Volume 2011, Article ID 519517, 7 pages
Original Article

An Antioxidant Phytotherapy to Rescue Neuronal Oxidative Stress

1Department of Chinese Medicinal Prescription, China Pharmaceutical University, 639 Longmian Avenue, Jiangning University City, Nanjing, Jiangsu 211198, China
2Department of Pharmacognosy, China Pharmaceutical University, Nanjing, Jiangsu 211198, China
3Department of Physiology, China Pharmaceutical University, Nanjing, Jiangsu 211198, China
4National Engineering Research Center for Traditional Chinese Medicine, Shanghai 201203, China

Received 16 January 2008; Accepted 15 July 2008

Copyright © 2011 Zhihong Lin et al. This is an open access article distributed under the Creative Commons Attribution License, which permits unrestricted use, distribution, and reproduction in any medium, provided the original work is properly cited.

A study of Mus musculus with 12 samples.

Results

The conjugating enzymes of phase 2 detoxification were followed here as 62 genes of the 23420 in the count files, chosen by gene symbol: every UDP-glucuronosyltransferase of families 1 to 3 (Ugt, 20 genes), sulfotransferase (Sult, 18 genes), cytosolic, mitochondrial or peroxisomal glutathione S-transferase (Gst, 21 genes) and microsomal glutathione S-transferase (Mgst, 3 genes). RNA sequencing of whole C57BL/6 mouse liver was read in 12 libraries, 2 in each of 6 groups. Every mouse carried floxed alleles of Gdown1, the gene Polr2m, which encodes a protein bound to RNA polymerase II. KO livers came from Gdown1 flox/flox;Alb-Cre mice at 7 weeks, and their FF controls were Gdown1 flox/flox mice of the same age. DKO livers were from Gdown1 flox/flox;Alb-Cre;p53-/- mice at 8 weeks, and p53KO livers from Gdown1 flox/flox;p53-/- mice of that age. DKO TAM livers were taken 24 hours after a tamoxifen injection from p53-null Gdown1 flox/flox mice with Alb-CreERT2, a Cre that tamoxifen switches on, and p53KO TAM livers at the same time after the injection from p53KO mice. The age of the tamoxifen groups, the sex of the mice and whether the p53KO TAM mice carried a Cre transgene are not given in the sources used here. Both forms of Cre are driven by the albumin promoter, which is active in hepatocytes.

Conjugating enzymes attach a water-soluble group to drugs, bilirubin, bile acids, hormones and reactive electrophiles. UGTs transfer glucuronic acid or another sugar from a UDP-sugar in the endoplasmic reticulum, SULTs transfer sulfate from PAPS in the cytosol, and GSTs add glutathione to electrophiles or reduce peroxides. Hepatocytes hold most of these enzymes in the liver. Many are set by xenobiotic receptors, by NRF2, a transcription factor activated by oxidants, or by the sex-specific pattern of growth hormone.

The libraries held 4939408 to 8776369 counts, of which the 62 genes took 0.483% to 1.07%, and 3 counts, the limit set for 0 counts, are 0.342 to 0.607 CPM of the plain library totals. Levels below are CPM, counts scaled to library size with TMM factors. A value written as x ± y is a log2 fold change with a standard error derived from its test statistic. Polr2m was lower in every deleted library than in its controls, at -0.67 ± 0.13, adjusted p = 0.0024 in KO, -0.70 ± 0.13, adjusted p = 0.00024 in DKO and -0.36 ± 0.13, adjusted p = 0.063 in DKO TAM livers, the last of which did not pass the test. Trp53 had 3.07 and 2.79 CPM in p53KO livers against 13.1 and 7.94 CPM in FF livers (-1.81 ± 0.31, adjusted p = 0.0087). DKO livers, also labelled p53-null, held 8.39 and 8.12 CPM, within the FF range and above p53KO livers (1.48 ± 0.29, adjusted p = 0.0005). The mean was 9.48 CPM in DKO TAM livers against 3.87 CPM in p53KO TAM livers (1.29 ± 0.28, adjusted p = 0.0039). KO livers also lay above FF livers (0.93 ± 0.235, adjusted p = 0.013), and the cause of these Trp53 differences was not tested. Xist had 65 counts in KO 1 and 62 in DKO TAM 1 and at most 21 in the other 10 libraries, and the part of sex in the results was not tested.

Oxidative stress is involved in the pathogenesis of ischemic neuronal injury. A Chinese herbal formula composed of Poria cocos (Chinese name: Fu Ling), Atractylodes macrocephala (Chinese name: Bai Zhu) and Angelica sinensis (Chinese names: Danggui, Dong quai, Donggui; Korean name: Danggwi) (FBD), has been proved to be beneficial in the treatment of cerebral ischemia/reperfusion (I/R).This study was carried out to evaluate the protective effect of FBD against neuronal oxidative stress in vivo and in vitro. Rat I/R were established by middle cerebral artery occlusion (MCAO) for 1 h, followed by 24 h reperfusion. MCAO led to significant depletion in superoxide dismutase and glutathione and rise in lipid peroxidation (LPO) and nitric oxide in brain. The neurological deficit and brain infarction were also significantly elevated by MCAO as compared with sham-operated group. All the brain oxidative stress and damage were significantly attenuated by 7 days pretreatment with the aqueous extract of FBD (250 mg kg−1, p.o.). Moreover, cerebrospinal fluid sampled from FBD-pretreated rats protected PC12 cells against oxidative insult induced by 0.2 mM hydrogen peroxide, in a concentration and time-dependent manner (IC50 10.6%, ET50 1.2 h). However, aqueous extract of FBD just slightly scavenged superoxide anion radical generated in xanthine–xanthine oxidase system (IC50 2.4 mg ml−1) and hydroxyl radical generated in Fenton reaction system (IC50 3.6 mg ml−1). In conclusion, FBD was a distinct antioxidant phytotherapy to rescue neuronal oxidative stress, through blocking LPO, restoring endogenous antioxidant system, but not scavenging free radicals.